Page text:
The 2020 United States Census Bureau revealed that US households had 64% of their aggregate wealth (after debt) in home equity and retirement accounts. 44% being exposed to pure property both primary and rental.
Between 1940 and 2000, home ownership went through a revolution, which researchers refer to as ‘’the great mortgaging’’. American home ownership rates rose from 45% to 70% and in Britain, from 30% to 70%. This theme became pervasive across the world.
Considering its significance, residential property is key to consumer confidence and thus consumption (OECD – 60% of GDP), which in turn is key to economic growth. Bear in mind that the globe has entered a new era of elevated inflation and subdued growth.
We briefly highlight the pending risks to the global residential property market, and compare these versus the 2008 bust. What should we be worried about?
Excessive price gains
Not all residential markets have grown equally due to idiosyncratic factors including property stock levels post 2008, unique central bank interest rate policies, and emigration trends. With that said, most markets have experienced rapid home prices growth since the GFC, and price gains further accelerated through Covid. The attached graph shows how real house prices have moved across various markets over the decades.
Chart 1: OECD Real House Price Indices
Source: OECD Website (https://data.oecd.org) (as at 30 September 2022)
Rising interest rates – two concerns here
The first is the extent to which mortgage rates have risen in the past 6 months. A US 30-year fixed term mortgage in early 2021 would have cost a mortgage holder under 3%, and this is now closer to 7%. Rates were last at these levels in the early 2000’s.
Chart 2: Freddie Mac – US 30 Year Fixed Rate
Source: Bloomberg (as at 30 November 2022)
To appreciate the impact on a US household’s cash flows, we modelled this change and monthly payments would have increased significantly by 44%. More concerning is that mortgage originators allow mortgage payments to be as much as 45% of total income. At 3%, this homeowner’s original monthly mortgage payment accounted for 45% of her income, assuming static income, at 6.7%, the mortgage is 65% of her income.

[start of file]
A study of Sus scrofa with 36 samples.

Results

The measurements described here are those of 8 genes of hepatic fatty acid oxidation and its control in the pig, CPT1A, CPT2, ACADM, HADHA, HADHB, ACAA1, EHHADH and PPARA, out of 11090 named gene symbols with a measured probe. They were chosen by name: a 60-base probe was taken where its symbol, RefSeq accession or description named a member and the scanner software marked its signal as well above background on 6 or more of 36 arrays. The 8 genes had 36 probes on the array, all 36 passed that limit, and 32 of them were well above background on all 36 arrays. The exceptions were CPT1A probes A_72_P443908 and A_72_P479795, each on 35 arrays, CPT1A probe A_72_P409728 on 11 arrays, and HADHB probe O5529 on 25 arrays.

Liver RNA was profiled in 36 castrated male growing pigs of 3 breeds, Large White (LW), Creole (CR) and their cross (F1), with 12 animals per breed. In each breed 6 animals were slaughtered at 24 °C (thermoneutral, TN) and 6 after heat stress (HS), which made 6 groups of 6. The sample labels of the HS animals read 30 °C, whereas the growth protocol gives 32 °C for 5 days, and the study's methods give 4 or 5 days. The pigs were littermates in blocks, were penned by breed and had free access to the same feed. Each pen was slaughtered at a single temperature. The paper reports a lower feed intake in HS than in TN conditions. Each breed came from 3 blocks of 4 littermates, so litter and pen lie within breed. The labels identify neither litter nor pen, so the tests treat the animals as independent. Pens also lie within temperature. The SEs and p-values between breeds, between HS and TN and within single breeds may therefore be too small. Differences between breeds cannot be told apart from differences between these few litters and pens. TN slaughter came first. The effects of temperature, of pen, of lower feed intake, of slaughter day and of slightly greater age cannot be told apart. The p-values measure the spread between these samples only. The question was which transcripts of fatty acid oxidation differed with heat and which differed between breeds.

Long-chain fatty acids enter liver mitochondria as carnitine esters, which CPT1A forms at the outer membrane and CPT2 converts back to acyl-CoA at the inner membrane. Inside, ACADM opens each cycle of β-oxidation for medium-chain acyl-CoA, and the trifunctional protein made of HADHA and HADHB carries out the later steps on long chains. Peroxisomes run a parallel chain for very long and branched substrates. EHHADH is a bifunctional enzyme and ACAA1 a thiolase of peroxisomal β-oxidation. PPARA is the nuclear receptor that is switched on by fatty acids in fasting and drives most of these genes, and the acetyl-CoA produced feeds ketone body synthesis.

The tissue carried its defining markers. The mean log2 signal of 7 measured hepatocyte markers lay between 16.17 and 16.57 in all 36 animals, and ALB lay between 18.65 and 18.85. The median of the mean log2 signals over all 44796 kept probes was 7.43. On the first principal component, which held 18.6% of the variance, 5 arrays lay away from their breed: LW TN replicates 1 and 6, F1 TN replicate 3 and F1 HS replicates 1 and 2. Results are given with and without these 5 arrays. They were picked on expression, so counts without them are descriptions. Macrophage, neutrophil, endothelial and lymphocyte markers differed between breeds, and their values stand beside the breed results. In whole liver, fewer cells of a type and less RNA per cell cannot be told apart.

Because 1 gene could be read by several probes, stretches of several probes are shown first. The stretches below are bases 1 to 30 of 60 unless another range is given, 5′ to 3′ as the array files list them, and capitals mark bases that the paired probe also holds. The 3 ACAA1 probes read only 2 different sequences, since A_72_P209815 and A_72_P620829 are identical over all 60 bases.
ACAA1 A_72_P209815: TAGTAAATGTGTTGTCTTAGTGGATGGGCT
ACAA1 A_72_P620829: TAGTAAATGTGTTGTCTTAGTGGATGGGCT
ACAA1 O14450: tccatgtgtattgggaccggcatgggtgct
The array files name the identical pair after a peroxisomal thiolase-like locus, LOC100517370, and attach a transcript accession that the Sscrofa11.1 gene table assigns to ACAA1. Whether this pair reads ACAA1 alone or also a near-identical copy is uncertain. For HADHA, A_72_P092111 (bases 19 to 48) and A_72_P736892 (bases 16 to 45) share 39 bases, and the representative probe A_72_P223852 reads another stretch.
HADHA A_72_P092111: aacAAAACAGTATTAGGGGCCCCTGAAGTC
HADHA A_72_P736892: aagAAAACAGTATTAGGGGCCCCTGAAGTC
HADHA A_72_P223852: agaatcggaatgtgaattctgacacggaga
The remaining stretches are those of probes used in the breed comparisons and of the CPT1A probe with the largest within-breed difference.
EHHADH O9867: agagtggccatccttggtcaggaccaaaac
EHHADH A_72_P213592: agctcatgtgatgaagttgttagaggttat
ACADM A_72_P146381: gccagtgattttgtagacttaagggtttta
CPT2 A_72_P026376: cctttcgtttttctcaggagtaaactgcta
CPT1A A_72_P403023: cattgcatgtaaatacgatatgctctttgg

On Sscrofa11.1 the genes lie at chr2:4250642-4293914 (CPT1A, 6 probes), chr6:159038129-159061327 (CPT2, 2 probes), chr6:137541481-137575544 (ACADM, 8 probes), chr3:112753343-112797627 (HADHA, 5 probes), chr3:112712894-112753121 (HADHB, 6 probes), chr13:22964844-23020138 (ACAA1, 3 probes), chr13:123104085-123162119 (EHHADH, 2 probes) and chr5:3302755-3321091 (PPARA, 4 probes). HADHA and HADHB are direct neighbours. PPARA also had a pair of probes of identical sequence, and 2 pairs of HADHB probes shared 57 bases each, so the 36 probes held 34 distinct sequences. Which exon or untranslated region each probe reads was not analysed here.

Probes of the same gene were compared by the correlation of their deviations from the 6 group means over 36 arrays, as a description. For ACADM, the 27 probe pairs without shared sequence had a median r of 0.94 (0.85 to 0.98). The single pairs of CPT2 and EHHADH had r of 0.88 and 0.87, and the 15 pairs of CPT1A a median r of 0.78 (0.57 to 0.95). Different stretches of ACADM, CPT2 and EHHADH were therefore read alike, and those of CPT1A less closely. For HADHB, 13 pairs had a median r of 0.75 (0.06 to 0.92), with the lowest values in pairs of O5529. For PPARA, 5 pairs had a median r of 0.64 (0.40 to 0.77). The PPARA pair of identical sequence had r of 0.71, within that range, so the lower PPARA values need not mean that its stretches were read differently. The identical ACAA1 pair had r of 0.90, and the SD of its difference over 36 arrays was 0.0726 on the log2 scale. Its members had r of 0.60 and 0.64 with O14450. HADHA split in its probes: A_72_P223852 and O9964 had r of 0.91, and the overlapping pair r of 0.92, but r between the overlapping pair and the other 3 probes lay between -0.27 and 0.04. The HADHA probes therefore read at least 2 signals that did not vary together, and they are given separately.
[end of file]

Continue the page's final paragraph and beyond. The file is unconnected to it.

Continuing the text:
Table 1: A typical American household’s mortgage repayment
Source: US online mortgage calculator
Secondly, in many markets, a decade of very low and declining interest rates lured home buyers into variable interest rate schemes. In those markets more inclined for fixed rates, a significant percentage of these are due to reset within the next few years. In the UK for example, according to The Economist, 50% of fixed mortgages taken-out in 2021, will reset in 2023/2024. This makes mortgage holders highly susceptible to higher interest rates.
Since the GFC, households in Northern Europe, Canada and Australia have grown their debt levels to the point that they are currently double their net disposable incomes. Fortunately, and this is the silver lining for the global property market, household debt levels are much lower in the US, Spain, Italy and Ireland. Consumers here clearly learnt past lessons, as these markets were at the epicentre of the previous housing market crash in 2008.
Chart 3: Debt to disposable income
Source: OECD Website | https://data.oecd.org/hha/household-debt.htm (as at 31 December 2021)
Affordability – renting versus buying?
A natural tension exists between the cost of owning versus renting, these forces should, over time, keep property prices in check. But distortions are apparent and presently, the affordability index (see attached, the USA market as a global proxy), clearly indicates that prices relative to rentals are at all-time highs, in fact, at levels which last precipitated a housing collapse.
Chart 4: Index of the OECD U.S. House Price-to-Rent Ratio
Source: Bloomberg (as at 30 September 2022)
At the end of 2021, our Northstar Market Report was dedicated to explaining our concerns around developed market equity valuations – they were too high. Unfortunately, we end 2022 with another warning – bubble-like property markets in Northern Europe, Australia, and Canada.